Anyone who has gone through the VA claims process knows that there is an incredible amount of paperwork involved in the process. I have talked to many veterans who have become frustrated because, after filing a claim and submitting all the evidence that they have, they keep getting VA requests for records and other evidence.
The VA claims process is intended to be veteran-friendly. Many of the rigid legal formalities of a traditional legal proceeding do not apply in veterans’ cases. That said, the claims process is extremely complex and difficult to understand. Making matters worse, some well-intentioned laws, aimed at helping veterans understand what they need to send to VA, have actually only served to further confuse the process.
The VA’s “Duty to Notify”
Many years ago, Congress passed a law requiring VA to inform the veteran of what evidence and information the veteran needed to send to have a claim granted. This is generally referred to as VA’s “duty to notify.” The result was that VA would send the veteran several pages of boilerplate text that sometimes only let the veteran know, in very vague terms, what evidence the VA was looking for. VA generally does not get very specific in these letters (in other words, it usually doesn’t look at the veteran’s particular disability and let the veteran know, for instance, what symptoms would warrant a higher disability rating). Sometimes what the VA sent was helpful, sometimes it was not.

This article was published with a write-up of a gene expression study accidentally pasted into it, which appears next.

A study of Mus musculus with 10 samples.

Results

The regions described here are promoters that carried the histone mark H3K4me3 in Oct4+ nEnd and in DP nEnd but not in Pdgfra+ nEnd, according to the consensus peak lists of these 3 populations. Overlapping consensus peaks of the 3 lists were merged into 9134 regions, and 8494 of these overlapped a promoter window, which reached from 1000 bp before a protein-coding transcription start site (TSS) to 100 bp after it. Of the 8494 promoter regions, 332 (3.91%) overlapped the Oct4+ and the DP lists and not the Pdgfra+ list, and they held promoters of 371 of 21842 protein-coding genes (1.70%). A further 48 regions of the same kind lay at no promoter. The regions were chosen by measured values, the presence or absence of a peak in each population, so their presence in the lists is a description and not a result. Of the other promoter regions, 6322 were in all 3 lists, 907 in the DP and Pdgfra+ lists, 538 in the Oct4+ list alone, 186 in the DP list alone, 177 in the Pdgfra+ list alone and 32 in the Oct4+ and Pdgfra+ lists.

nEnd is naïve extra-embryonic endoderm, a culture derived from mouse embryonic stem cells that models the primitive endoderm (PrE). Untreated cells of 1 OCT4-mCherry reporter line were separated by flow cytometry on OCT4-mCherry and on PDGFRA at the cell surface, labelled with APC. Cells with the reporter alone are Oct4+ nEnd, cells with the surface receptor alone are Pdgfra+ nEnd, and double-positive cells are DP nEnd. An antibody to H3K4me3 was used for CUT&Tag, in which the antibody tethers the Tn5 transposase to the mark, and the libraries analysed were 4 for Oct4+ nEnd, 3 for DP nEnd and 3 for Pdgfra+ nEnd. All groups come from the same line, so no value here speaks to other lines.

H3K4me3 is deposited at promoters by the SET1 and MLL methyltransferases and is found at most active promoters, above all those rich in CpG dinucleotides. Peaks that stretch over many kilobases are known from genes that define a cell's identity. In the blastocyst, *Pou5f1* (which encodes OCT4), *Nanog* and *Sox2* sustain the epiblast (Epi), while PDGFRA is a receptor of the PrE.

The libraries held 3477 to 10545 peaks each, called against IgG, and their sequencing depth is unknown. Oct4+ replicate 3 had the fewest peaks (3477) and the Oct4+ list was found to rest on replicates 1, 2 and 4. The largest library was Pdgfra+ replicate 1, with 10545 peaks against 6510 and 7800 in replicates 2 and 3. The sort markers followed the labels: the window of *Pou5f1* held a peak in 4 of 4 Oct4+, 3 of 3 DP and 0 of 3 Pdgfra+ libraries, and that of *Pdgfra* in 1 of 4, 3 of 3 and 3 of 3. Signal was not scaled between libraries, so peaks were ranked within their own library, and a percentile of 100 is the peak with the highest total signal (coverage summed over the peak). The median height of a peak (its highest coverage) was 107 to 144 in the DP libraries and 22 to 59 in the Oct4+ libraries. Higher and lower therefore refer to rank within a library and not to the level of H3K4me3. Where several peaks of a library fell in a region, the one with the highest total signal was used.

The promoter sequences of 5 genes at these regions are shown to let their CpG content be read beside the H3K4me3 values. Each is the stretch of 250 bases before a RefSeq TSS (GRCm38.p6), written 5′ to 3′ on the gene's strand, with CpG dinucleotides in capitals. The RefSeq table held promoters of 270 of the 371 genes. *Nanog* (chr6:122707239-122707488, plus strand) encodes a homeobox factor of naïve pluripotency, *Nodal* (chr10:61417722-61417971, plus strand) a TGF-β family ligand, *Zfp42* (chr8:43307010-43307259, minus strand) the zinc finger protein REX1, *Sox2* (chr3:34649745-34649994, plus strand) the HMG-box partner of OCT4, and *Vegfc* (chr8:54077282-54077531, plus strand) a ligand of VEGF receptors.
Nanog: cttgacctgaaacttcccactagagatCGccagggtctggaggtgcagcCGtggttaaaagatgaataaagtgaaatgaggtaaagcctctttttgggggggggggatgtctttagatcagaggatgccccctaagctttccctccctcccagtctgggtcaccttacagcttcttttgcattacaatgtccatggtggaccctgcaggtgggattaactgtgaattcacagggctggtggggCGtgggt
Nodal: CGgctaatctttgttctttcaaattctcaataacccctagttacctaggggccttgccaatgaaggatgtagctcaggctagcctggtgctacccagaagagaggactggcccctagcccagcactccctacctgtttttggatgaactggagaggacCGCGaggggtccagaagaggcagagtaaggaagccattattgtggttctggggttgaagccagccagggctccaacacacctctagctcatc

So, if you file a new claim and VA responds by sending you what appears to be a generic letter asking for more evidence, it is because Congress passed a law requiring that VA send out this letter.
The VA’s “Duty to Assist”
Other times, the VA recognizes that it is missing a specific record that it knows exists and that might help the veteran win his or her case. VA has an obligation, under the law, to make reasonable efforts to try and get this evidence, and sometimes they will ask the veteran to try and get this evidence. This duty to obtain outstanding evidence that could help the veteran is part of what is referred to as VA’s “duty to assist.” (The “duty to assist” also requires VA, in some cases, to provide the veteran with a C&P examination.)
VA will often send a lot of correspondence to you after you file a claim. It’s important to read these letters carefully and clarify (1) exactly what evidence is missing in your case and (2) if there are outstanding records that the VA needs before it can make a grant.